In New Jersey Election Law Enforcement Commission v. DiVincenzo, the Appellate Division held that the Election Law Enforcement Commission (also known as “ELEC” or the “Commission”) still had jurisdiction to issue a complaint even though only two members voted due to vacancies. According to the appeals court, the common-law quorum requirement applied to the issuance of the complaint because it was not a “determination” that required three votes of the Commission’s entire authorized membership of four.
Facts of the Case
ELEC is an independent agency charged with the duty to enforce violations of the New Jersey Campaign Contributions and Expenditures Reporting Act (the Act). Pursuant to N.J.S.A. 19:44A-5, the Commission shall consist of four members appointed by the Governor to staggered terms and that “[n]o more than two members shall belong to the same political party.”
In July 2011, the Commission consisted of four members: Chairman Ronald J. DeFilipis, Vice Chairman Walter Timpone, Amos Saunders and Lawrence Weiss. DeFilipis and Saunders were Republicans; Timpone and Weiss were Democrats. All four members of the Commission voted to conduct a formal investigation into alleged violations of the Act by Joseph DiVincenzo, a Democratic candidate, and his campaign treasurer, Jorge Martinez.
The Commission authorized the issuance of a complaint against respondents in January 2013. At that time, the vacancy created by Weiss’s death in November 2011 had not been filled. In addition, because Timpone had recused himself, no Democrat participated in the authorization. Therefore, the two remaining members who voted to authorize the complaint were both Republicans.
Martinez and DiVincenzo challenged ELEC’s jurisdiction to authorize the complaints, arguing that a valid authorization required a bipartisan agreement to file a complaint and “the requisite number of Commissioners.” The Administrative Law Judge agreed, concluding ELEC required three Commission members from two parties to have the necessary quorum to act, and, therefore, lacked jurisdiction to issue the complaint. During the 45-day period for the Commission to act on the ALJ’s ruling, only one commissioner was active. As a result, the ALJ’s decision was deemed adopted.
The Commission later appealed. In response, the defendants argued that ELEC lacked standing to appeal its own agency decision, and that the appeal presented a non-justiciable political question. Meanwhile, the Commission maintained that because the ALJ decided a purely legal issue not falling within the ALJ’s statutory role, and because a clearly erroneous decision was deemed adopted due to the Commission’s inability to act, appellate review should be available.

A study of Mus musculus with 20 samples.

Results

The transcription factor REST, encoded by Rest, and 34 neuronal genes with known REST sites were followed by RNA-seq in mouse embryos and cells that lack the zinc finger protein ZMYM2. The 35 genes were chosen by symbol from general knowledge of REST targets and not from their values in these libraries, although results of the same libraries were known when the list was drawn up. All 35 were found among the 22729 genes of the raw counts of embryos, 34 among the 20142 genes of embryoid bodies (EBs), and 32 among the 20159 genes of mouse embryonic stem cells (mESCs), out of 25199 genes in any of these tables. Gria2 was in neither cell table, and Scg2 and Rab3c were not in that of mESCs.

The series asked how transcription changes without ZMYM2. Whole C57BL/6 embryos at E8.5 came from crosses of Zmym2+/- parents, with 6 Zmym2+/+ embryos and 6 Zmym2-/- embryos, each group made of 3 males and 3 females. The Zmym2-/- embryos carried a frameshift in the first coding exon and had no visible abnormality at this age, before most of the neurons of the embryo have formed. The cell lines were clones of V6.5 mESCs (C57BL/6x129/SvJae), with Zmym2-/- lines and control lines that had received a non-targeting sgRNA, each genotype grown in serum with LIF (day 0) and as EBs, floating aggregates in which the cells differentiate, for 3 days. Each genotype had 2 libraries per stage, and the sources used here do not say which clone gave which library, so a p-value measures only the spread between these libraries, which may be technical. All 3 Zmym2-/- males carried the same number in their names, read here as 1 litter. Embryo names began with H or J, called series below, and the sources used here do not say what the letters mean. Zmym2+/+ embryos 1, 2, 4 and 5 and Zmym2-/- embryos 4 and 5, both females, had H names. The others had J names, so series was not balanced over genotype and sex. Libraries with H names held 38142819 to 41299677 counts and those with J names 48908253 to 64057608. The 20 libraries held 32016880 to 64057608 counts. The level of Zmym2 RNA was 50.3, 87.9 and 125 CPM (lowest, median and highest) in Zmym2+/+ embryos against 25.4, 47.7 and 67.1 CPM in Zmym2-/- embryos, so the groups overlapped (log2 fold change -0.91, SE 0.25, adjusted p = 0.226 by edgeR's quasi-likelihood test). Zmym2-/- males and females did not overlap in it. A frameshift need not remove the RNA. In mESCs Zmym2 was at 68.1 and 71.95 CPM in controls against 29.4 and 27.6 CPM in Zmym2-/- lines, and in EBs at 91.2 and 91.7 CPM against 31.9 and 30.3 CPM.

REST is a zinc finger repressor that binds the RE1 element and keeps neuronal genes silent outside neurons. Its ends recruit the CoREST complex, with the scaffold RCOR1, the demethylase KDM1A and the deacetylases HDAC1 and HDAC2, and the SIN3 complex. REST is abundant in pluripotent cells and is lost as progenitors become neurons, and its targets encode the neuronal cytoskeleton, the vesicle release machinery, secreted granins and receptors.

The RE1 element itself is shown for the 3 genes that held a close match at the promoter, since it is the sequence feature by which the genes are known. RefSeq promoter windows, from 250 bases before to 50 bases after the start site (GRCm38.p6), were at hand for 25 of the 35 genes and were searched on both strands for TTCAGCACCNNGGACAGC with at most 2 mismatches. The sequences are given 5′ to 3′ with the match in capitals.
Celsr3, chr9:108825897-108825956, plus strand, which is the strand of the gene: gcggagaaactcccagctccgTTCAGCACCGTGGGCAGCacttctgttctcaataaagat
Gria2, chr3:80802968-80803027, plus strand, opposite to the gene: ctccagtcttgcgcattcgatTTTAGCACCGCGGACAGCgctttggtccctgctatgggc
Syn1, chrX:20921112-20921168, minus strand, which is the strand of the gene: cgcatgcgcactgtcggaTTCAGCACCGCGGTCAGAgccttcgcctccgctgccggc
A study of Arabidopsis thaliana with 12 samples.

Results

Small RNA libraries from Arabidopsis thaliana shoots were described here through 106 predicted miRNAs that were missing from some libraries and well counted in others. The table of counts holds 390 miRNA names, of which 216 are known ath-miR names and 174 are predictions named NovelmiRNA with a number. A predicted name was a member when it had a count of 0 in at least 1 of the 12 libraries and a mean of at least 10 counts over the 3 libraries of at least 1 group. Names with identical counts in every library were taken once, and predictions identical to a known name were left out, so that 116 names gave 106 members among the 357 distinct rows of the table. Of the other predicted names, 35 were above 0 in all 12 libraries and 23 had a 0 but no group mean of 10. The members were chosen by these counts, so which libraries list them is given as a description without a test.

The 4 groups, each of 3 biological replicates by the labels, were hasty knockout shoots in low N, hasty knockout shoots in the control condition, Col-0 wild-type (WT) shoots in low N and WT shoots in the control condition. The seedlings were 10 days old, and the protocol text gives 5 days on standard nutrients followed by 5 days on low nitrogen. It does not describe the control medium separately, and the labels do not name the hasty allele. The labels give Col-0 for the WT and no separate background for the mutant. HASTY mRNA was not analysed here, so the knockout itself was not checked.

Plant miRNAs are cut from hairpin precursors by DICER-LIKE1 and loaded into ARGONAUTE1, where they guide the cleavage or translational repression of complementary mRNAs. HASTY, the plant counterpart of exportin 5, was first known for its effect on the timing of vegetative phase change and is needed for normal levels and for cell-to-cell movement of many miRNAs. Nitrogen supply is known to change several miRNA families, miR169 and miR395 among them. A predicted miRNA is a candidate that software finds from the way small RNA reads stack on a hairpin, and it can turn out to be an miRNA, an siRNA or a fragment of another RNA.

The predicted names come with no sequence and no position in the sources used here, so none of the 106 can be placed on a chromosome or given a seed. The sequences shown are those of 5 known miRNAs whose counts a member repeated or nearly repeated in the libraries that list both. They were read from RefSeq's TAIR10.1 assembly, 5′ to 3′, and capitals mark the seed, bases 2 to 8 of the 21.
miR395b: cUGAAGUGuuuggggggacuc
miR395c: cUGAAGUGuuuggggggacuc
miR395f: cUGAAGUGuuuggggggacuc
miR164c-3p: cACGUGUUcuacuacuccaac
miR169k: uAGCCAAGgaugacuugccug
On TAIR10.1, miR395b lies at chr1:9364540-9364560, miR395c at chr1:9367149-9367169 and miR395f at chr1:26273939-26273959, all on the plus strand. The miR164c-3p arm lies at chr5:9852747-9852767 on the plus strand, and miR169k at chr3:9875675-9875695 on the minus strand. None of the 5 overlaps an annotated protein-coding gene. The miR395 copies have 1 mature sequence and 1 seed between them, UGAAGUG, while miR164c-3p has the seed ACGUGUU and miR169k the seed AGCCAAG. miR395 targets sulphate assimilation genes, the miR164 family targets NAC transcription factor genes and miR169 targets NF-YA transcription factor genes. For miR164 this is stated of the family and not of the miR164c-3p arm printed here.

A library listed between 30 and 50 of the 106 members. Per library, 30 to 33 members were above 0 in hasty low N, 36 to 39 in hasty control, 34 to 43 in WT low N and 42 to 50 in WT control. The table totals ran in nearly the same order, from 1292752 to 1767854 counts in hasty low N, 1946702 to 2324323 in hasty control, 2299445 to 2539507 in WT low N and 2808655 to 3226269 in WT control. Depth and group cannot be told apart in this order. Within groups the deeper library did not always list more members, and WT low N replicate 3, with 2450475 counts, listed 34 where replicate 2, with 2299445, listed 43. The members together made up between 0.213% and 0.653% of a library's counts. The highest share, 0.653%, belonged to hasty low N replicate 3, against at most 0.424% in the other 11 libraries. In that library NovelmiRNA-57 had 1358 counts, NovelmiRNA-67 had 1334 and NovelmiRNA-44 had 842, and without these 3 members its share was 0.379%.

Appellate Division’s Decision
The appeals court first concluded that ELEC had standing to bring the appeal. “The Commission is given broad authority under N.J.S.A. 19:44A-6 to enforce the Act and is a party to the action that is the subject of this appeal,” the panel explained. “The deemed-adopted decision effectively curtailed the Commission’s discharge of its statutory responsibilities. We are satisfied that, under the circumstances here, ELEC’s appeal is not barred on the ground that it is not an aggrieved party.”
The court further held that the ALJ’s initial decision that the agency lacked jurisdiction “must be subject to the agency’s review if it is not to encroach upon the agency’s ultimate decisional authority.” The court added that if the Commission was not permitted to appeal, there would be no judicial review of the ALJ’s initial decision on a question of law.
The appeals court then turned to the merits of the case, concluding that ELEC had the authority to issue the complaint. In reaching its decision, the court acknowledged that the Campaign Contributions and Expenditures Reporting Act deviates from common law quorum by expressly requiring three votes of the Commission’s entire authorized membership of four. However, it went on to conclude that the Legislature did not intend the Commission’s authorization of a complaint to be a “determination” under the statute. As the panel explained:
Based upon our review of the plain language of the Act, the definitions used by the Legislature in the APA and the application of established principles of statutory construction, we conclude that “determination” applies to the Commission’s final resolution of a case and decisions regarding the penalty to be imposed, not to the decision to authorize a complaint. As a result, the common law quorum requirement applied and the authorization of the complaint was valid.
The Appellate Division also rejected the defendants’ argument that the Commission’s determinations may not be made by the Commissioners of a single party. “Although the Act plainly requires that no one political party dominate the Commission, it does not mandate membership by any political party,” the court held.
For more information about the court’s decision in New Jersey Election Law Enforcement Commission v. DiVincenzo or the legal issues involved, we encourage you to contact Michael A. Jimenez, Esq., a member of Scarinci Hollenbeck’s Government Law Group.